By Andy Franklin, NBC Nightly News
The news came as a shock, even in an era when shocking news was commonplace. National Guard troops deployed on a college campus had actually opened fire on an unruly crowd of antiwar demonstrators. It was May 4, 1970 – a Monday – at a place called Kent State, somewhere in Ohio. American troops, firing live ammunition at unarmed American kids, hitting 13 of them. Four students were killed, including two who weren't event part of the protest. They just happened to be in the wrong place at the wrong time. Even now, forty years later, it seems hard to believe. For me, revisiting the story of Kent State to produce Brian Williams' piece for Nightly News meant reopening an awful chapter in our history, and remembering that our country was not only at war in Vietnam back then; it was increasingly at war with itself.
It was a time when the president and vice president of the United States voiced open contempt for student protesters. Oh, they said they just meant the really radical ones, but that distinction was lost on most people at the time – including the pro-Nixon construction workers – hard-hats, everyone called them – who made sport of beating up anti-war demonstrators in the streets while waving American flags and chanting "USA! USA!"
For its part, the anti-war movement had grown shrill and venomous by 1970, after years of effort and frustration. Among the majority of earnest and well-meaning protestors were some real nasty characters, intent on making trouble – even violent trouble – while talking up revolution. Things had gotten ugly. Both sides were talking past each other – demonizing each other.
The war had gone on too long, at too great a cost. Just about everybody agreed on that. Richard Nixon had been elected in 1968, at the height of the war, on a promise to end it. But fifteen months after taking office, he went on national television to announce that he was widening the war – sending American troops into neighboring Cambodia to go after Vietcong sanctuaries. (It was April 30, 1970 – ironically, five years to the day before the fall of Saigon). The news triggered a firestorm on college campuses across the country, including Kent State, but it's worth remembering that those who objected also included top members of Nixon's own administration.
Four days later, the tragedy at Kent State laid bare just how bad things had gotten. It would be comforting to look back now and say those four deaths served as a wake-up call, that both sides called a "time out" and got busy repairing what were now violent and deadly divisions in the country. Sadly, that's not what happened. Instead, feelings of animosity and mistrust hardened on both sides. And the war went on for another five years.
Video: Watch the report from NBC Nightly News
One of the most interesting things I came across while researching this piece is a quote from President Nixon's own chief of staff Bob Haldeman. He wrote in his 1978 book, "The Ends of Power": "Kent State…marked a turning point for Nixon; a beginning of his downhill slide toward Watergate." I'd never seen that connection made so directly before, much less by Haldeman himself. He says Nixon was convinced the antiwar movement had been infiltrated by subversives and communists, and he was frustrated that the intelligence community wasn't working harder to expose them. Haldeman says this frustration led the president to assemble a secret, off-the-books intelligence operation of his own, run from the White House. That operation was later used for political ends, such as the Watergate break-in. And we all know what a bad idea that turned out to be.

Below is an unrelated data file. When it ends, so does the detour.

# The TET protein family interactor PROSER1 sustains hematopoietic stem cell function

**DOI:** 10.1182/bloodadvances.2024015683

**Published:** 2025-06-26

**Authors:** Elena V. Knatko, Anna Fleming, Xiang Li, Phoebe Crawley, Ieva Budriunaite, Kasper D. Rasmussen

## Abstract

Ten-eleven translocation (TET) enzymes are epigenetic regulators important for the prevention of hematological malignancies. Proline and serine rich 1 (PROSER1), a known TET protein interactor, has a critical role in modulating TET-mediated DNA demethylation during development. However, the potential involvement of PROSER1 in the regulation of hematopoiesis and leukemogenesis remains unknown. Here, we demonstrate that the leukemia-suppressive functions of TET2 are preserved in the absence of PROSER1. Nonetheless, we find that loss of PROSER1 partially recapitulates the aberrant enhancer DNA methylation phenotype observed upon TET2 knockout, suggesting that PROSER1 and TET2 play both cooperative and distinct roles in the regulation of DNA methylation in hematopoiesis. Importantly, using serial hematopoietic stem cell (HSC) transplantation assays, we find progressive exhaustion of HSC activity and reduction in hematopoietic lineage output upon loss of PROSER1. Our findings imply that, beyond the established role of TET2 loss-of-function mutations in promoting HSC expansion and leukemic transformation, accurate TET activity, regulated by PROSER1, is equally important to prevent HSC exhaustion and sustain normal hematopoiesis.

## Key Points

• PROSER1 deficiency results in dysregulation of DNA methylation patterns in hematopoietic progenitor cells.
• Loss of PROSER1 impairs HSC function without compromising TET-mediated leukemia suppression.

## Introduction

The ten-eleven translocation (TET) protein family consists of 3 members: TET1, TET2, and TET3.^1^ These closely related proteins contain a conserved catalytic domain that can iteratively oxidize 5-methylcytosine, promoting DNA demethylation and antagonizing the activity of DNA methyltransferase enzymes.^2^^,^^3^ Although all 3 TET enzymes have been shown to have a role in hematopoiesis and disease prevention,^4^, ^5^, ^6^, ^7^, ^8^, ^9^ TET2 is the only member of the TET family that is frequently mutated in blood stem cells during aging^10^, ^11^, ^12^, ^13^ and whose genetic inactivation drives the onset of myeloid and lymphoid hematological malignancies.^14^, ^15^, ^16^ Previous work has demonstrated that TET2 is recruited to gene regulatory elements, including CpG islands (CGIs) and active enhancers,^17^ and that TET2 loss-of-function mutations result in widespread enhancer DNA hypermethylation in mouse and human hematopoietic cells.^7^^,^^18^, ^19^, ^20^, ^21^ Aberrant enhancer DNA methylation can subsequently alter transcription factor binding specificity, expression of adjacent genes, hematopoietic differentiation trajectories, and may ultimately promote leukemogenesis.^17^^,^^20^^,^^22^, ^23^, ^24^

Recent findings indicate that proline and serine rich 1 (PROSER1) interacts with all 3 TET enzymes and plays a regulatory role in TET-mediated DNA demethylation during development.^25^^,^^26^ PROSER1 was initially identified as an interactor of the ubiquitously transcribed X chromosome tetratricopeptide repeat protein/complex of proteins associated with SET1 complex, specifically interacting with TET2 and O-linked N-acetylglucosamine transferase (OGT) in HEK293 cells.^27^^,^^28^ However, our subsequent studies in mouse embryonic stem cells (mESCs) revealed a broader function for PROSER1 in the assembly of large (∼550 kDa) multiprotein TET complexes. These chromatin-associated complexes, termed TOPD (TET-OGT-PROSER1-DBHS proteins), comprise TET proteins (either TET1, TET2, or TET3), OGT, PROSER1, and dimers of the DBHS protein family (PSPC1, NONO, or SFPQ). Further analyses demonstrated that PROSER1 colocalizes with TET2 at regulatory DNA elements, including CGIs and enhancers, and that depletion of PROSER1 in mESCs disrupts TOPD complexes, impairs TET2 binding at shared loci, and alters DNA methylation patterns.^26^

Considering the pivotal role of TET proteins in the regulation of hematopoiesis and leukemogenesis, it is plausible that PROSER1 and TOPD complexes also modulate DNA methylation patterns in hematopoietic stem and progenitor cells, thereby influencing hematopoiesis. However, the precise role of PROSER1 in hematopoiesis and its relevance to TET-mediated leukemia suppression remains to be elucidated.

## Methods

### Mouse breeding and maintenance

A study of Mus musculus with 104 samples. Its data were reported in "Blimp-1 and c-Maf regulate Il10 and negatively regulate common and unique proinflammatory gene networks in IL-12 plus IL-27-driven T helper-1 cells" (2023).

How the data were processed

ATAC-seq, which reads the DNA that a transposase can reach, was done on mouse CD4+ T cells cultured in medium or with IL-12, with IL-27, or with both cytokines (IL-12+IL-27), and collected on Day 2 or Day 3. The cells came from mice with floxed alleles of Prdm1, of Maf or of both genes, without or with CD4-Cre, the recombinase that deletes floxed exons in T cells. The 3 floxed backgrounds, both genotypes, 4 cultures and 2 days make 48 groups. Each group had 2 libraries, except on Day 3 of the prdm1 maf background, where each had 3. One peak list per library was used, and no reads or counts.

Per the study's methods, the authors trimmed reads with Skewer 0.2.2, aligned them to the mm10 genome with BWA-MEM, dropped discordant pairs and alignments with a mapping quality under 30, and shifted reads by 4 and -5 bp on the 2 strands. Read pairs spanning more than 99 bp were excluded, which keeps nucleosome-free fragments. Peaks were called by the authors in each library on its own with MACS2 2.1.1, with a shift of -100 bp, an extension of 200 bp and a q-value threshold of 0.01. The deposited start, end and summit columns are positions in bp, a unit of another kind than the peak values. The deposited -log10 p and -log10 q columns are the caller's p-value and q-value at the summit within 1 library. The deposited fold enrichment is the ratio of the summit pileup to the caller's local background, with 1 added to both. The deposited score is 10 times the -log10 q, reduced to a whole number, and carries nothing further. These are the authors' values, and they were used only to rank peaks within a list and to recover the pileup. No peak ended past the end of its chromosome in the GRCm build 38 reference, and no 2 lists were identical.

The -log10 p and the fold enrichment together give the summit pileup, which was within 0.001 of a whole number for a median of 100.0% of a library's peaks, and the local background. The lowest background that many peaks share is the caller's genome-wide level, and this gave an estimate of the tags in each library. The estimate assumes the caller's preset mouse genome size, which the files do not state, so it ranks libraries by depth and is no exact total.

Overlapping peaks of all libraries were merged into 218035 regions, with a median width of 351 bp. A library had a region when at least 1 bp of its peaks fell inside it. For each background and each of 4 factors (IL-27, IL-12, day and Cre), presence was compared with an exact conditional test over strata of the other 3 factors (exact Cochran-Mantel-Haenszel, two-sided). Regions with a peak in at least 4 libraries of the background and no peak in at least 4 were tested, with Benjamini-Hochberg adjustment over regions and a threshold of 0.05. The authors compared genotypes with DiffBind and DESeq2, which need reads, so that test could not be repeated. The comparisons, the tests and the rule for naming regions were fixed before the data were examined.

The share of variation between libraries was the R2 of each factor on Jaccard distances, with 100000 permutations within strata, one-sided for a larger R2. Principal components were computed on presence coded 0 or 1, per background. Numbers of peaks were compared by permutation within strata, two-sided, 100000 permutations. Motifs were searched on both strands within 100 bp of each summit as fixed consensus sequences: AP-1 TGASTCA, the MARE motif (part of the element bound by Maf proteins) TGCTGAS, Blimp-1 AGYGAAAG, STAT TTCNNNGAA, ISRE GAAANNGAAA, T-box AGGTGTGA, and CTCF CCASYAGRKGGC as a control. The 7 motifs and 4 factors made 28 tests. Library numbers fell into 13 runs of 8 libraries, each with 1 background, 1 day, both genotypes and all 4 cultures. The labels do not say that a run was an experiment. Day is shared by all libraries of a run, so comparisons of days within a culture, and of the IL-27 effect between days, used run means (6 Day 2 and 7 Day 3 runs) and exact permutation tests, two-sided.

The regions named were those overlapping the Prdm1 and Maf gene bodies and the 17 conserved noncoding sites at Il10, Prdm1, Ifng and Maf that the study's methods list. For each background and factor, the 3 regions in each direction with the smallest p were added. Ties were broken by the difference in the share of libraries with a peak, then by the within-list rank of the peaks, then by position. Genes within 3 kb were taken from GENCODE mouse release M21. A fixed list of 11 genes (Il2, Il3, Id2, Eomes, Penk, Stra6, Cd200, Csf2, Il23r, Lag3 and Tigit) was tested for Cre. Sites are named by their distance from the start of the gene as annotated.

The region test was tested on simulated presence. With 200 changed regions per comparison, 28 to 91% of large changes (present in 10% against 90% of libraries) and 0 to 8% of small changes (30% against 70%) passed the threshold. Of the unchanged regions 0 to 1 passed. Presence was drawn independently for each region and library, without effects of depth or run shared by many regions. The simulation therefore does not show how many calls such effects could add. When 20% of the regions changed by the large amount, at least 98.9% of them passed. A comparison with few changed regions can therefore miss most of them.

Another fascinating footnote: Four days after Kent State, Nixon held a nationally televised press conference, and nearly every question was about the war, Kent State, and the awful mood in the country. As he spoke, thousands of protestors were descending on Washington for a massive anti-war rally the next day. Troops were in the streets, and the White House was ringed with buses to keep out demonstrators. Again and again, Nixon was asked why he wasn't doing more to improve relations with American students. He left the news conference that Friday night with those questions ringing in his ears, and spent a restless night making scores of phone calls into the wee hours. Some time before five o'clock Saturday morning, the president impulsively decided to go to the Lincoln Memorial with his valet, Manolo Sanchez. The Secret Service scrambled, and off he went, with just a staffer or two in tow. Nixon spent about half an hour at the Memorial, chatting quietly and somewhat awkwardly with stunned and groggy demonstrators gathered there. It's a bizarre and little-known episode in the Nixon presidency, ("the weirdest day yet," Haldeman called it in his diary that night), and since no press was along (and cell-phone cameras had yet to be invented), there would be no visual record that it ever happened – except for one young protestor who just happened to have a camera handy. His name was Robert Moustakas, and he managed to photograph Nixon's pre-dawn visit, despite the low light and the suspicious looks his long hair and beard drew from the president's security detail. (Nixon even invited Moustakas to pose with him for a snapshot there on the Memorial steps). One of his photos was obtained by UPI and seen the next day on front pages across the country. But I always wondered what else Mr. Moustakas had captured on film. I was able to track him down, and he generously agreed to let us have a look at the rest of the roll he shot that morning. Several of those images appear in our Nightly News piece for the first time anywhere. But that's not the best part. This is: the camera Moustakas used that day forty years ago was borrowed from a friend, who had purchased it at an Army PX – in Vietnam.